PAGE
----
The Songs

All I can tell you about this photo is that I took it in January last year when we were holidaying in Cornwall.  It is strange to write “holidaying in Cornwall”.  Of course it is exactly what we were doing, but as someone who spent my formative years in West Penwith (and yes those years did a great deal of forming) then I would like to think there are special tendrils pulling me west.  Is it natural to crave to return to the source of the stream?  I don’t know.  All I do know is that I feel more of connection with Cornwall than to anywhere else in the world.  Sometimes I envy those with a strong heritage, born and bred, but in reality I imagine that there are more of us gypsies out there, those who never quite belong anywhere.  Citizens of the world perhaps.  Surely that can’t be a bad thing.   It is just that sometimes I would like to be able to sing the songs.

14 thoughts on “The Songs

  1. The photo looks a lot like Vitis rotundafolia, native to here and further north in the US. Whether it is or not, to a certain extent, we are citizens of the world – caring for it one garden at a time.


  2. Strong heritage can be difficult as well. My ancestral homeland in the Santa Clara Valley is not what it was when I was a kid. Almost none of the kids I grew up with are still here. None of us can afford to live here, and even if we could, the culture is not healthy for children. I really wish I could move to Oklahoma or Oregon, or anyplace where it is easier to survive.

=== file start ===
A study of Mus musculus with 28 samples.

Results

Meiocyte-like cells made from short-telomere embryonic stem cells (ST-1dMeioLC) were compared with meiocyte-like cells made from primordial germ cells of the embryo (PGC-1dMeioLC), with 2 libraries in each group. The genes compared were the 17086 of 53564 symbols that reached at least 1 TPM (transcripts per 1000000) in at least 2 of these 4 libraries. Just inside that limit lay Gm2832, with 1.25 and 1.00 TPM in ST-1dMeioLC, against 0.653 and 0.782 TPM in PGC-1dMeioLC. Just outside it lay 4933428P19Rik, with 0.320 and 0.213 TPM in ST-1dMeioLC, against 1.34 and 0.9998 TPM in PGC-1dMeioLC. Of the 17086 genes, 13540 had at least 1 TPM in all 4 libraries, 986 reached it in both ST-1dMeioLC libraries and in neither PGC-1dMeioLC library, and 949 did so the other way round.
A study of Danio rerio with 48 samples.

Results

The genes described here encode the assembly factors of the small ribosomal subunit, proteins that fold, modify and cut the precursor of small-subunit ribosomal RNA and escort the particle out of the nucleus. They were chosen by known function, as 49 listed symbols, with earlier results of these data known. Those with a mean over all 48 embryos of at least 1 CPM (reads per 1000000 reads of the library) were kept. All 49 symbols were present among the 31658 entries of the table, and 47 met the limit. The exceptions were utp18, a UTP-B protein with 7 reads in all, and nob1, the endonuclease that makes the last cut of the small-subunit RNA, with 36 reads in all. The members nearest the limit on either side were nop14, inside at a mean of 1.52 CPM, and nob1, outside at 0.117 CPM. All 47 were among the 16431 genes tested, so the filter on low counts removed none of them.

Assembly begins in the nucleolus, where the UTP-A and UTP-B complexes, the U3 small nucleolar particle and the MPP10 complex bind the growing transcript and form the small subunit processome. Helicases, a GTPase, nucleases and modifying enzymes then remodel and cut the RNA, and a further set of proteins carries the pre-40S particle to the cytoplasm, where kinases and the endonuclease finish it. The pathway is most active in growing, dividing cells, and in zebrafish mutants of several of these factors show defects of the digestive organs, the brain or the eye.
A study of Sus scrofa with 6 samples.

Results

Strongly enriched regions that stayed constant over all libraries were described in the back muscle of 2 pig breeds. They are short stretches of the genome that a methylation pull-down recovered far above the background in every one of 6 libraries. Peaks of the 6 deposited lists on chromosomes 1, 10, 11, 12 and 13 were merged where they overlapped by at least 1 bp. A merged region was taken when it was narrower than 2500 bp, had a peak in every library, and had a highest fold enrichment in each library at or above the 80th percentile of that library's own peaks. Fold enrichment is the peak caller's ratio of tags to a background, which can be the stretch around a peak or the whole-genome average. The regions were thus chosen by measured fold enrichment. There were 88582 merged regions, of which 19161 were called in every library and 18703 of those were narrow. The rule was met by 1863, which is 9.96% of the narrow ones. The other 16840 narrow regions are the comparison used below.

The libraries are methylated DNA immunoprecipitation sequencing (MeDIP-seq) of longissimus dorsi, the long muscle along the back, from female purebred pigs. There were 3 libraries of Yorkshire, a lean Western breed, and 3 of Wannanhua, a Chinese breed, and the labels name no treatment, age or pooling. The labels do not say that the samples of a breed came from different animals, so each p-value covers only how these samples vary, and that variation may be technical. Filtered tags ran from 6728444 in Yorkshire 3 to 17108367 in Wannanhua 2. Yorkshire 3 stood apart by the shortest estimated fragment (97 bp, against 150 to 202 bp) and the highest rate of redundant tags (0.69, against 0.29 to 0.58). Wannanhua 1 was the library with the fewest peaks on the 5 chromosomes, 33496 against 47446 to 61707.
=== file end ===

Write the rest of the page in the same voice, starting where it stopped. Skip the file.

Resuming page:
1. California is pretty safe. It just seems to have a lot of problems because it is so big and there is so much going on here. There are so many millions of people here that when a fire happens, many of us are going to be in the way. The same goes for floods and mudslides.

        Liked by 1 person

  3. I wonder if people born in the UK generally stay put more than people in North America? It’s a bit unusual to find people who were born here in Victoria, BC and still live here. It livens up the place to have more diversity – Victoria’s reputation for stuffiness seems to have disappeared.

    Liked by 1 person

      1. On the whole, people in North America are quite mobile and don’t seem to mind the distances. Once they get to Victoria, they tend to stay. It really is a little gem. It used to be that young people moved away because the job situation wasn’t very good, but it’s gotten a lot better. On the other hand, the cost of housing has gotten so high that it can be prohibitive for young families, and that’s not good for the life and spirit of the community. It’s worse in Vancouver.

        Liked by 1 person

  4. I understand the pull of the tendrils (or is it roots?) was constantly on the move in my early years but always in Scotland. Been settled in Edinburgh for centuries now but there’s a strong pull to the far north and the islands where I did a lot of forming. Still a citizen of the world though.


  5. I returned to my roots, I am still not sure it was the best thing. All decision have pluses and minuses, when home you are who you were, when away you are who you are, if that makes sense!